Local believers recently teamed up to build and furnish a safe home for a Palestinian mother of 12 children in the West Bank through the Israel-based Joseph Project and the international organization Operation Blessing, which has a Middle East bureau in the region.
The family had been the victims of a near honor killing at the hands of the woman’s murderously abusive husband.
Because Operation Blessing provides humanitarian aid in the region, OB Senior Project Manager for Israel and the West Bank, Mark Othman, was alerted to the plight of this family.
“We met the family through Bethlehem Fair Trade Artisans, a local organization with whom we partner. We were told the mother and children had suffered longterm domestic abuse by the husband,” Othman told KNI. “We learned the man had recently locked his family inside their house and had set it on fire.”
Othman said that one day when the mother and nearly all the children were at home (the eldest girl is married and out of the house), the 17-year-old daughter smelled smoke while she was studying. She realized there was fuel on the floor and the house was burning.
“Neighbors managed to break in and rescue the woman and 11 of her children aged between four and 17,” Othman says. “The husband had been trying to kill the family for some time. He told his wife he would kill them slowly, and had been starving them by locking them in the home without food.”
Apparently, the married daughter “had kept them alive by sneaking sandwiches in through a window,” Othman added.
Because the family lives in Area C of the West Bank, they live under Israeli military rule with very limited recourse to social workers and police, services normally available to citizens of a state.
Moreover, Othman explained, the family lived on the outskirts of Bethlehem in a relatively isolated rural community divided along tribal lines, and in which one man does not interfere with another man’s business.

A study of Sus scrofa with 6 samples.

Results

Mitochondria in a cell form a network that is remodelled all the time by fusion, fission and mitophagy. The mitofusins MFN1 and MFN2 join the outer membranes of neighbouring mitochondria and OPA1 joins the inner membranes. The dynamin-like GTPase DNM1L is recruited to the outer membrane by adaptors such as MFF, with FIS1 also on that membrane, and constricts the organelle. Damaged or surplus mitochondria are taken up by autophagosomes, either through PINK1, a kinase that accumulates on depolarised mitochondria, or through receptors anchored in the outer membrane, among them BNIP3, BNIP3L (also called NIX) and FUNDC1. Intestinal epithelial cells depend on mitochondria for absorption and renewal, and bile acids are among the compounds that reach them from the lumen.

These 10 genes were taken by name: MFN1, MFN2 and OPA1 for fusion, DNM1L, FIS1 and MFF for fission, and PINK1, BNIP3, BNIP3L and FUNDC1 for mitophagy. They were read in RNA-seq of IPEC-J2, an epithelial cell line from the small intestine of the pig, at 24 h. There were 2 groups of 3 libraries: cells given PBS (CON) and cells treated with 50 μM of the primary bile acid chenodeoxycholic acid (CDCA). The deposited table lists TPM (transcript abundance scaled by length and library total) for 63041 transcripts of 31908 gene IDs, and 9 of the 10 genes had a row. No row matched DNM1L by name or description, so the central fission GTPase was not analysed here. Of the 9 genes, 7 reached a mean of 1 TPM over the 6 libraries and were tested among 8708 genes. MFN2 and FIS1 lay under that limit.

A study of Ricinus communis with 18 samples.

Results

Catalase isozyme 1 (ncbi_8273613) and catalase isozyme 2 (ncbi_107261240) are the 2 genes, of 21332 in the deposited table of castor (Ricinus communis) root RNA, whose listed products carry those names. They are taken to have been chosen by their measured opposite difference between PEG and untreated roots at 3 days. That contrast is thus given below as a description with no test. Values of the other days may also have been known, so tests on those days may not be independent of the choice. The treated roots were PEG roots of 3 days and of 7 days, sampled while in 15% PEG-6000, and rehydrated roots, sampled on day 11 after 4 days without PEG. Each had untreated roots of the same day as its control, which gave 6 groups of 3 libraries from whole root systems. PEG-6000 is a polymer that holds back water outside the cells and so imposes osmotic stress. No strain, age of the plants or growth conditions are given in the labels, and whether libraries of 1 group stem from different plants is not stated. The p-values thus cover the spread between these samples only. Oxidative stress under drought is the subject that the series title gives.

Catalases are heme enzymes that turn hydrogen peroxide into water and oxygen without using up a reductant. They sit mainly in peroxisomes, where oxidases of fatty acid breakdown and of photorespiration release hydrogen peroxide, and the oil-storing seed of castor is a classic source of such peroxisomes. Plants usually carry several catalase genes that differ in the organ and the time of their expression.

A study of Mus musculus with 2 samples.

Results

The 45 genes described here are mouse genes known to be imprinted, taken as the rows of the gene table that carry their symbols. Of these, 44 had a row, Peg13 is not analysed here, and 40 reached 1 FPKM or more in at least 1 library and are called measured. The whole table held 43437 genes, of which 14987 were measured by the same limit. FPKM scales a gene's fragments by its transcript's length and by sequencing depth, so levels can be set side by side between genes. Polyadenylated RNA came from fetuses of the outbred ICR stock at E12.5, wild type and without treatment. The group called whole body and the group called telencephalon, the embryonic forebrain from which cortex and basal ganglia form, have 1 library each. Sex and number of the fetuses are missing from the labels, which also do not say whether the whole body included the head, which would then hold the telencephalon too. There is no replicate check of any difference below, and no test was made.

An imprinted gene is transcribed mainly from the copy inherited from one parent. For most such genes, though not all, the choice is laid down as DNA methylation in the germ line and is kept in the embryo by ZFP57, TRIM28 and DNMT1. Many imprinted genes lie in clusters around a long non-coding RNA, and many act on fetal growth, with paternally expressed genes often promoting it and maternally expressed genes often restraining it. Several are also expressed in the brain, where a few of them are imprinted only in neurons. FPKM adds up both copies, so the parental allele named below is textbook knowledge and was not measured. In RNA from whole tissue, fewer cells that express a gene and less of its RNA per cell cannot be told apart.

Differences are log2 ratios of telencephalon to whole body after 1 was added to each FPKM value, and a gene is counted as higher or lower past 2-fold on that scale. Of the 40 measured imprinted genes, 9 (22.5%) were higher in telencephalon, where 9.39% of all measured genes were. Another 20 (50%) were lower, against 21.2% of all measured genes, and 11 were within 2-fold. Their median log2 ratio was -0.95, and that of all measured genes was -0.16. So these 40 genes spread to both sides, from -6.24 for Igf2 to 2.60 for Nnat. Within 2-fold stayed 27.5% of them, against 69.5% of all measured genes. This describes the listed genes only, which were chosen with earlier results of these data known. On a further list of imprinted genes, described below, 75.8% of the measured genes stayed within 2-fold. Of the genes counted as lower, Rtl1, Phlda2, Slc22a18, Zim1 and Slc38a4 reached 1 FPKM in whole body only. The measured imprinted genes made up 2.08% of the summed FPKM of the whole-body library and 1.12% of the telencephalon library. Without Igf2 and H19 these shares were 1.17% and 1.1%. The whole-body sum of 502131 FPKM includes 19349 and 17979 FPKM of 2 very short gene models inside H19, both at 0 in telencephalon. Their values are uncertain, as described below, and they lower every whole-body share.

“Because of the culture, women tend to be seen as a man’s property,” Othman said.
The family, therefore, was exceedingly vulnerable.
“We were told that when the neighbors broke in the children were visibly traumatized,” Othman said. “The mother took them all to her own mother’s house which consisted of one room and a kitchen.”
Operation Blessing determined to the help the family by building them a house on a piece of land belonging to the mother, and upon which there was a permit to build.
“We were able to hire labor for little or nothing and buy materials for construction very cheaply. When the local Palestinian community came to realize what was happening, they wanted to help too,” Othman said.
Then, with a three-room house built, Operation Blessing asked the Joseph Project, based in Israel, to help furnish it.
A well-known humanitarian organization, the Joseph Project is an Israeli NGO staffed and run by local believers. The project imports aid into Israel from charities around the world. Among the items gathered are clothing, blankets, medical supplies, furniture, linen and bedding, diapers and family items, tools and shoes.
The imported goods are stored in a 22,000-square-foot warehouse close to Jerusalem.
In an expression of God’s love, aid is then distributed to Jews and Arabs, both religious and secular, helping tens of thousands of needy people in the land every year.
With the help of its charitable partners in America, Holland and China, the Joseph Project provided 11 mattresses, two closets, two sofas, four arm chairs, crockery and new sheets and blankets.
“We were honored to participate with Operation Blessing in helping to bless the family and provide a lasting solution,” JP Executive Director Jim Schutz told KNI. “The horrific circumstances that led to the crisis of losing of their home are mind boggling.”
KNI has learned that the mother and her children were overjoyed with their new home.
“The mother was speechless and the children kept jumping on their new beds,” Schutz wrote in a special report. “The mother continually thanked Operation Blessing Israel and its partner, the Joseph Project, for the unexpected act of kindness. She also repeatedly mentioned that ‘now finally, my children can have a good night rest.’”
Indeed, Othman confirmed the family were appreciative upon learning the provision came through both Jewish and Gentile believers as an expression of the love of Jesus. This is perhaps all the more remarkable as Othman himself is a Christian who originally came from a Muslim background.
“Through working with OB we are able to build relationships with people, and witness to them,” Othman reflected. “It can be especially impacting in the West Bank that my own background is Muslim.”
Meanwhile, the woman’s former husband has remarried and has let the family go. While it is troubling to think of what this means for his new wife, there is gratitude that this family, which has suffered so much, is now safe.
“We hope this will truly be a new beginning which will help bring forth good fruit for the rest of their lives,” Schutz said.